Jimmy’s stunt paid off, and he’s got some clients, and true to this world, there are some weird ones. There’s a true blue American who wants to secede from the United States because of taxes, a man who invented a talking toilet to help with toilet training with somewhat sexual phrases, and some wills. Jimmy is no longer strapped for cash, but that’s not the most interesting part of “Alpine Shepherd Boy”. This week we learn more about Chuck’s illness, and how and when it manifests.
I didn’t know anything about electromagnetic hypersensitivity until Chuck was telling the doctor at the hospital about his symptoms. After a brief scan of some online articles, it seems to be a psychosomatic condition that’s very similar to Wind Turbine Syndrome (which has been a barrier to building windfarms in Victoria). As strange as Chuck’s illness is, I never considered it to be a mental illness, just a self-misdiagnosis that has led to certain eccentricities (one of the problems of the internet is that people think they’re capable of diagnosing themselves without any medical training. It wasn’t until the doctor suggested to Jimmy that I even considered that it was a psychological issue. I should have realised that something was up when Chuck went outside at the end of last week’s episode. He suspected something was up with Jimmy, so he went outside to get a newspaper, and as we saw the outside world from Chuck’s eyes, it was very disorienting. Vince Gilligan hires great directors.
Chuck’s neighbour calls the police, who then decide that he needs to be at the hospital. This is when Jimmy comes in, and freaks out about the electricity running through Chuck’s hospital room. It isn’t until the doctor suggests a psychiatric facility that Chuck displays any sign of awareness of what’s going on; I can understand why someone wouldn’t want to be committed, but if Chuck was truly unconscious, he couldn’t have just woken up at that point. The doctor then ‘tests’ Chuck, by getting him to talk and turning a machine on in the hospital room. Chuck doesn’t notice. Jimmy seems to be firmly on Chuck’s side, he believes the illness is a physical condition rather than a mental one, until he takes Chuck home. Jimmy has noticed that his brother seems to get sick whenever he’s worried about Jimmy becoming Slippin’ Jimmy again; he was worried about what Jimmy was up to, and that’s when he decided to run across the road and steal a newspaper. He looks at the front page and his worst fears are confirmed. When Chuck gets home, he asks Jimmy to get his space blanket and make some coffee. Before Jimmy goes to make coffee, he wants to reassure Chuck that his antics are over (he doesn’t even pretend it wasn’t a stunt, Chuck knows him too well), and tells his brother that he’s going to specialise in elder law – wills and such. Then Chuck takes off his space blanket and goes to make the coffee. He’s clearly not that sick.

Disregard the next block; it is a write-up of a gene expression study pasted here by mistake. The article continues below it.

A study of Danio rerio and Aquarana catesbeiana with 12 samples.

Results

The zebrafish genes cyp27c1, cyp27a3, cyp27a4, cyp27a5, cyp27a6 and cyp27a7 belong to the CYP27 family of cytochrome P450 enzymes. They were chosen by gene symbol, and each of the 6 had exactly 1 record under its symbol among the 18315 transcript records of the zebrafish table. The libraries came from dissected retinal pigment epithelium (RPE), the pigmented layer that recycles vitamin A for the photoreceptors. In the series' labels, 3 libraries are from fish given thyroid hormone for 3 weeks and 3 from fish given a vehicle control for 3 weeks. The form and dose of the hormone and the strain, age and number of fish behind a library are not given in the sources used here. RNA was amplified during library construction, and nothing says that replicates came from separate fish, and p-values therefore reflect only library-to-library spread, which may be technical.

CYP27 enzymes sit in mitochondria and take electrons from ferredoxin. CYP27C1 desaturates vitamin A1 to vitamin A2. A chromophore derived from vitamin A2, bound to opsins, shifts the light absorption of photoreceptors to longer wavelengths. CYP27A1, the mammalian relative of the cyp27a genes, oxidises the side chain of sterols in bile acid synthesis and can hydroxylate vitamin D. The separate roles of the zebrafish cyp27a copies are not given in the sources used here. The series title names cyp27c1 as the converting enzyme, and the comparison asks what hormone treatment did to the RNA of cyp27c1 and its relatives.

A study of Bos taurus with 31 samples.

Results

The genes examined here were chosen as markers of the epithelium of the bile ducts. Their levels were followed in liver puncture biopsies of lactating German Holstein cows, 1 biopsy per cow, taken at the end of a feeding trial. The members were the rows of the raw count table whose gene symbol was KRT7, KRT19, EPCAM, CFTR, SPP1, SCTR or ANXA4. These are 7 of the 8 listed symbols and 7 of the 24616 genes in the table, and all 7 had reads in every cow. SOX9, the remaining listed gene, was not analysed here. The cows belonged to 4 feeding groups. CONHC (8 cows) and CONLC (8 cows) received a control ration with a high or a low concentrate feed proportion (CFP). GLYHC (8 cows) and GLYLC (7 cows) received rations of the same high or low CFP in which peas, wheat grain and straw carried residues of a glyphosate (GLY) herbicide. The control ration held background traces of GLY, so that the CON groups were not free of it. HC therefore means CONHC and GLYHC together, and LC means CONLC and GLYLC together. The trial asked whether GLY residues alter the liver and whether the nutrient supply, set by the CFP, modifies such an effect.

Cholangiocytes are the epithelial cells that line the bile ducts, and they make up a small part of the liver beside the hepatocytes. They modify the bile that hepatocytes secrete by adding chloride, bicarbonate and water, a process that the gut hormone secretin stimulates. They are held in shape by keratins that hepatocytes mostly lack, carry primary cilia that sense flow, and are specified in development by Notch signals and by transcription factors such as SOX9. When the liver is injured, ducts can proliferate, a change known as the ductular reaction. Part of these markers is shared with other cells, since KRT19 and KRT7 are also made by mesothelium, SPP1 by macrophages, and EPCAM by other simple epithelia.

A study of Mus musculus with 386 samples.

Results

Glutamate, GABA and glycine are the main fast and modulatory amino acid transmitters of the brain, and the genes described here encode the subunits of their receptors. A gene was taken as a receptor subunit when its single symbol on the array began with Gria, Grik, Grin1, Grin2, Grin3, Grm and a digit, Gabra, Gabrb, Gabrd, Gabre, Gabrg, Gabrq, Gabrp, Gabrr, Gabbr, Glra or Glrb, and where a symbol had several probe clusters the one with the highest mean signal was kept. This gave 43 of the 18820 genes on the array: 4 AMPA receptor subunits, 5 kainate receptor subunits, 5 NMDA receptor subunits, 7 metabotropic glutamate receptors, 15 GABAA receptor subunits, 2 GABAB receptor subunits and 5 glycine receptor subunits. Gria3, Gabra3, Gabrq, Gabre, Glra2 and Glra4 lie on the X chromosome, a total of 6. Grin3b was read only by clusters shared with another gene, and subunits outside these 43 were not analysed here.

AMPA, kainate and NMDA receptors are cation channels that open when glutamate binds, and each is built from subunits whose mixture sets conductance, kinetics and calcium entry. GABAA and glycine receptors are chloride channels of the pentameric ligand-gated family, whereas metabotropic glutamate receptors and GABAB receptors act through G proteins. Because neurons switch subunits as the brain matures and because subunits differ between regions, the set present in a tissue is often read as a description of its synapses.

The other interesting part of this episode is whatever’s happening with Mike. I spent the first half hour of the episode wondering where he was, and then he appears. And strange men knock on the door at the end of the episode! Are we finally going to learn what happened back in Philly?
- I’m really enjoying Rhea Seehorn as Kim, and she and Jimmy have a nice dynamic
- I really don’t understand where Jimmy’s hatred of Howard comes from, and I’m getting a little tired of it.
- Because I work outdoors, I’ve started identifying some of the plants in the show. Chuck has crepe myrtles in his yard.
- My guess about the woman who Mike is ‘visiting’ is that it’s his daughter. If it is, there should be good material there, because Mike is spending time with his granddaughter (played by Jonathan Banks’ actual granddaughter) in Breaking Bad.
- I was a little sad that the naming convention of the other episodes this season wasn’t followed here, but it’s back next week.